Investing is meant to be a tool for building wealth, but the fees associated with investing could be secretly costing you more than you know! We already established that Americans pay more in fees in general than they’re aware, but according to author Tony Robbins, as many as 92 percent of Americans don’t really know what costs are involved with their 401(k) plan…and 72 percent believe they’re not paying anything at all! Smart investors should be aware of these hidden fees.
Oh the Times They Are A-Changin’
For decades the investment industry has been profiting on unknowing accounts because they weren’t required to disclose fees they charged. Many investors have lost many thousands of dollars to simple hidden fees. Data compiled for the Financial Times shows that the total cost of investing is actually more than twice the advertised annual management charge.
But with the fiduciary rule in place (originally created under the Obama administration), financial professionals are bound to legal and ethical standards that put the investor’s interests first. Finally, after recent pressure from the government, consumers were on the brink of freedom from hidden fees. This new rule from the Labor Department, however, is still in a holding stage as Trump looks to restructure the CFPB (Consumer Financial Protection Bureau).
Although requiring fee transparency is a step in the right direction, it adds another level of difficulty. As Tony Robbins stated, “now you get a 35- to 50-page disclosure document that — if you’re a lawyer or you have a degree in finance — maybe you can understand.” As you can imagine, most disclosures are teeming with confusing terms and conditions, and plenty of tricky fine print. An investment, such as a mutual fund, exchange-traded fund or annuity is a carefully packaged product by a company. So, it is important to check into exactly what you’re buying. The best way to protect yourself from hidden fees when investing? Learn the terms and get yourself a fine print detective. Some of the fees and terms to watch out for are below.
Some Possible Hidden Fees When Investing
- Reinvestment fees -These may be charged when you reinvest distributions back into the fund.
- Exchange fees -These may be imposed when you switch assets from one fund to another within the same fund company.
- Custodian fees -These are charged by the custodian for safe custody of financial assets, reporting and statements.
- 12b-1 fees – Named after the section of the law that allows them, 12b-1 fees pay for the fund’s advertising and sales expenses.
- Management fees – These pay the fund’s investment manager or management firm for making investment decisions about which securities to invest in and when to buy and sell.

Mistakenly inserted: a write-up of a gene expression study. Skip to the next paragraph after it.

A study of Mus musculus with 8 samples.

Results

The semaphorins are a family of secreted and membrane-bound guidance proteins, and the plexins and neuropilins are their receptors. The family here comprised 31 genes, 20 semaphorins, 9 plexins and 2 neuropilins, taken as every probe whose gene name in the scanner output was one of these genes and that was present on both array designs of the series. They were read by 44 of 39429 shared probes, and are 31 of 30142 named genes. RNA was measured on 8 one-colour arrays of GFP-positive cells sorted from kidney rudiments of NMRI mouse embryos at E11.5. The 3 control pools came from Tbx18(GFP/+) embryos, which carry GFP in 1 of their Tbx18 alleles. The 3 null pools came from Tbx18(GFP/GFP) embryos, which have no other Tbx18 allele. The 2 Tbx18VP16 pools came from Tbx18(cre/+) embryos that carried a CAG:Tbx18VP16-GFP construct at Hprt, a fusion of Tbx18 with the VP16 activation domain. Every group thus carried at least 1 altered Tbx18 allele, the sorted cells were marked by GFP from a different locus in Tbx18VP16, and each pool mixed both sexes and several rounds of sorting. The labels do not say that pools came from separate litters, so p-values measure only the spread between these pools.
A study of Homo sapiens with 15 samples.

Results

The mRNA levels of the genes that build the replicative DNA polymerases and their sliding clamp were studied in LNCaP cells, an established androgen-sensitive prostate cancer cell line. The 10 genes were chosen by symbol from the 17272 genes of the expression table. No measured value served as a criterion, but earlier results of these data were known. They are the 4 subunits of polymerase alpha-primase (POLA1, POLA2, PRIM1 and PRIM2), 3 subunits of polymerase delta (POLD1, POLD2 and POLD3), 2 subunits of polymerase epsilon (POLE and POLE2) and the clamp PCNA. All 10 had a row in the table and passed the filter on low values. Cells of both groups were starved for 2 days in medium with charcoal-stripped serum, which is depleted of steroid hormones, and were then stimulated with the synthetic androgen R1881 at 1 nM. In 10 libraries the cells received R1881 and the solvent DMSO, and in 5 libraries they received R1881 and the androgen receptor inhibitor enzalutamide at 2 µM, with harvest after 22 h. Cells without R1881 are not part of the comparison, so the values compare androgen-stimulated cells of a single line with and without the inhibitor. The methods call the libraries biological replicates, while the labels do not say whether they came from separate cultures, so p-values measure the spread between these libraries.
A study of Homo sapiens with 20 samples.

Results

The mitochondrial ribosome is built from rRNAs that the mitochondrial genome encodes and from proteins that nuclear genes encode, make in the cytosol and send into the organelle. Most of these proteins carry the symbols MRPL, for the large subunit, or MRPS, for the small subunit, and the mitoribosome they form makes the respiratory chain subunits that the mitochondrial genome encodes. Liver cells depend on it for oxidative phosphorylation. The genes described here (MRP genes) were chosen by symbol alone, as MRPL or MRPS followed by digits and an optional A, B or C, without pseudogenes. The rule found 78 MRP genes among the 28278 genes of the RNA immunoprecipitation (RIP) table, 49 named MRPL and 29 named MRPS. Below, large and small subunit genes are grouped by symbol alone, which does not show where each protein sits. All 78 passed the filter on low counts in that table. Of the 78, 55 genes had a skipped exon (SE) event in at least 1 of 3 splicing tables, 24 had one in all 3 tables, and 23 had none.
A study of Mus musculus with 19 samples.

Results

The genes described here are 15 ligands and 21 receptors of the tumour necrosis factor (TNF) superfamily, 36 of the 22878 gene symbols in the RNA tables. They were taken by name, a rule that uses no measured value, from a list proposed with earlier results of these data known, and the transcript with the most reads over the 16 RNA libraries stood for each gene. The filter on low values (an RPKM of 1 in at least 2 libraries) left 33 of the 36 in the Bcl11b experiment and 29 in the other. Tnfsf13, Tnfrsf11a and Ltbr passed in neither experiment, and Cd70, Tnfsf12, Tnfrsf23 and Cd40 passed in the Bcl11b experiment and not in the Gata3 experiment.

- Sales load – a commission paid to the salesperson of the fund.
- Transaction fees – A charge for buying or selling any financial security. Often called a commission charge or trading fee.
- Brokerage fees – A charge for introducing a buyer to a seller in the buying or selling of a financial security. Again often called a commission charge.
- The bid/ask spread – The built in margin used by traders between the buy price and sell price of a financial security. Often called a mark-up.
- Built-in product fees – Hidden cost associated with structuring a product or fund.
- Cash payment fees – An administrative charge for transferring cash into or out of an investment account.
- Active fund manager fees/ ETF fees – Third party structuring and active management cost. Can also include additional administrative charge or upfront fees.
- Administrative fees – For any non-investment related activity on an account. (Everything from rent to shareholder services.)
- Overdraft fees – Borrowing cost and administrative charge as a spread over interest rates.
- Trail fees – Ongoing commission paid to third party introducers. Sometimes referred to as a retrocession or a rebate.
- Performance fees – A percentage fee charged on any out performance relative to an agreed benchmark.
The Much-Needed Fine Print Detective
Although it is quite an extensive list, that’s not even all you could be paying unknowingly for your investment account. And fees always feel extra outrageous when they are a surprise. There are, however, some tools to keep you on top of the investing game and avoid “Retirement Planning for Dummies”.
There are many resources online from very reputable sources about learning to invest. Aside from reading books or white papers, listening to financial podcasts, or even taking a free, online class from a university, there are simpler things you can do too. FeeBelly, the free contract review app acts as your own personal fine print detective when reviewing financial agreements. Nervous that you’ll miss one of these fees in the miniscule type at the bottom of the page? Don’t be! While it is important to understand the foundation of your investment, you can rely on FeeBelly for peace of mind to help spot hidden fees when investing. Don’t be that guy (or girl) that is one of 92% of Americans who don’t know what they’re paying!